Colorful Dover Days showcases community spirit

The runners set off with the trumpeter playing his music.

By James Kinneen
Hometown Weekly Reporter

Just ahead of the rain on Saturday, Dover held its annual Dover Days celebration, during which various local businesses, churches and town departments set up booths to sell their goods, advertise their services and goods, and partake in the town’s community spirit.

Many of the booths had activities for both kids and adults. A local gym sported a rowing machine, and the various Dover-Sherborn athletes present flocked to it immediately. The gym had made a competition out of the rowing and documented the winners. As a result, many people tried to one-up the current champion; the machine was never without a crowd around it.

The Dover Church, meanwhile, spent its time constructing wheelchair ramps and looking for the help of any of the kids walking by. At one point, a little girl helped screw in one of the crossbeams, which prompted her mother to joke: “I won’t let her crack the eggs when we’re cooking, and now she’s using power tools.”

A live animal presentation, complete with snakes and frogs, got plenty of kids excited, while a “touch-a-truck” event with an ambulance had people lined up to take a look inside while healthy.

Beyond that, there was cornhole, bouncy castles, and an inflatable rock-climbing wall.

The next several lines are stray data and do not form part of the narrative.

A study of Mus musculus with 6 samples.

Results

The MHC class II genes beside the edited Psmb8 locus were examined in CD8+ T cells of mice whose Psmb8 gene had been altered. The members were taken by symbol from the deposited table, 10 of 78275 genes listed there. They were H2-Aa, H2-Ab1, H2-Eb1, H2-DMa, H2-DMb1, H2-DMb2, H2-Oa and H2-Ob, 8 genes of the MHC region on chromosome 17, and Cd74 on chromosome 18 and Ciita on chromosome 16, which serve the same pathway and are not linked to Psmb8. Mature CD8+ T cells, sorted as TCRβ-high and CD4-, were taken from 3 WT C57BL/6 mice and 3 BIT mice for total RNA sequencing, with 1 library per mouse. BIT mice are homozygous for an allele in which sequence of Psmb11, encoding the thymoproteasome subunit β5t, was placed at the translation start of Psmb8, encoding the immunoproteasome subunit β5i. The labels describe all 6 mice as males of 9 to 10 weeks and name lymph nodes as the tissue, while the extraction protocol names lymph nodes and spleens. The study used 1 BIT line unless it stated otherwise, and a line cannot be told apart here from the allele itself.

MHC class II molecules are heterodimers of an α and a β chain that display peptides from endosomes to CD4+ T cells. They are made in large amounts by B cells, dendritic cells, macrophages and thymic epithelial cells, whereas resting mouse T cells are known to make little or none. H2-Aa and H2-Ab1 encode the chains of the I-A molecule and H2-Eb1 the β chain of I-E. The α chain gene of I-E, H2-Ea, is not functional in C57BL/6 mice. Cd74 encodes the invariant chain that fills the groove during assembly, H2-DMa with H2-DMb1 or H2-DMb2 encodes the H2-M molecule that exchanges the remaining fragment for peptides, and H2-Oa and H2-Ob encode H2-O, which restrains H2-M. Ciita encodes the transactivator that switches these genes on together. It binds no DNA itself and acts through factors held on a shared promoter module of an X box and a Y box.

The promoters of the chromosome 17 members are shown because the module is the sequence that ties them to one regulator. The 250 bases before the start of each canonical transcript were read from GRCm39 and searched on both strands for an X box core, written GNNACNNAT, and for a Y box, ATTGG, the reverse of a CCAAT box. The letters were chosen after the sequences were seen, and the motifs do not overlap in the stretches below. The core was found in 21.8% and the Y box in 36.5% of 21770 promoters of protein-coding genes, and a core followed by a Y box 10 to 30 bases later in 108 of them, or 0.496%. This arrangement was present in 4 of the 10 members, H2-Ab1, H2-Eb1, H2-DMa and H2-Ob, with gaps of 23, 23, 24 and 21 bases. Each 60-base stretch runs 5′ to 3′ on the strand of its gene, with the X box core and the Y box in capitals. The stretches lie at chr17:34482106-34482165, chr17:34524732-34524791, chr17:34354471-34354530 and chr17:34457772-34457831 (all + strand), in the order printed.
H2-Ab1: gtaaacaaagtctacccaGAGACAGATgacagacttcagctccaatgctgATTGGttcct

A little boy heads down one of the inflatable slides at Dover Days.

A little boy heads down one of the inflatable slides at Dover Days.

On top of the various booths, the community relished this year’s iteration of the annual Dover Dash 5K and Fun Run. The children’s race was a quick loop, though the kids did wear bib numbers, making it look very official. There were even commentators, Dover-Sherborn cross country runners Toby Sagar and Bradley Peterson, broadcasting a podcast that both encouraged people to register for the race and cheered runners on as they ran.

“We were kind of just having a podcast for fun and kind of commenting on the race,” they explained. “[We’re] trying to bring more people in, get more people to sign up for the fun run, and raise more money for the team.”

The 5K started with a DS jacket-adorned resident playing “First Call,” the melody that heralds the beginning of horse races, on trumpet. When the runners took off, the giant digital clock that had been counting down the time until the 5K began turned into the official race clock.

The winner of the Dover Dash 5K was George Doherty, a 56-year-old resident of Dover who has run twenty marathons, including fifteen Boston Marathons, all of which he ran as a qualifier. Doherty barely beat out one of his competitors; while it was not a photo finish, the second-place runner was just a couple strides away, coming down the final stretch.

“I just spent the race trying to avoid having the young guys catch me,” said Doherty. “Actually, [my time] was a little slower than I would have liked, but it got the job done.”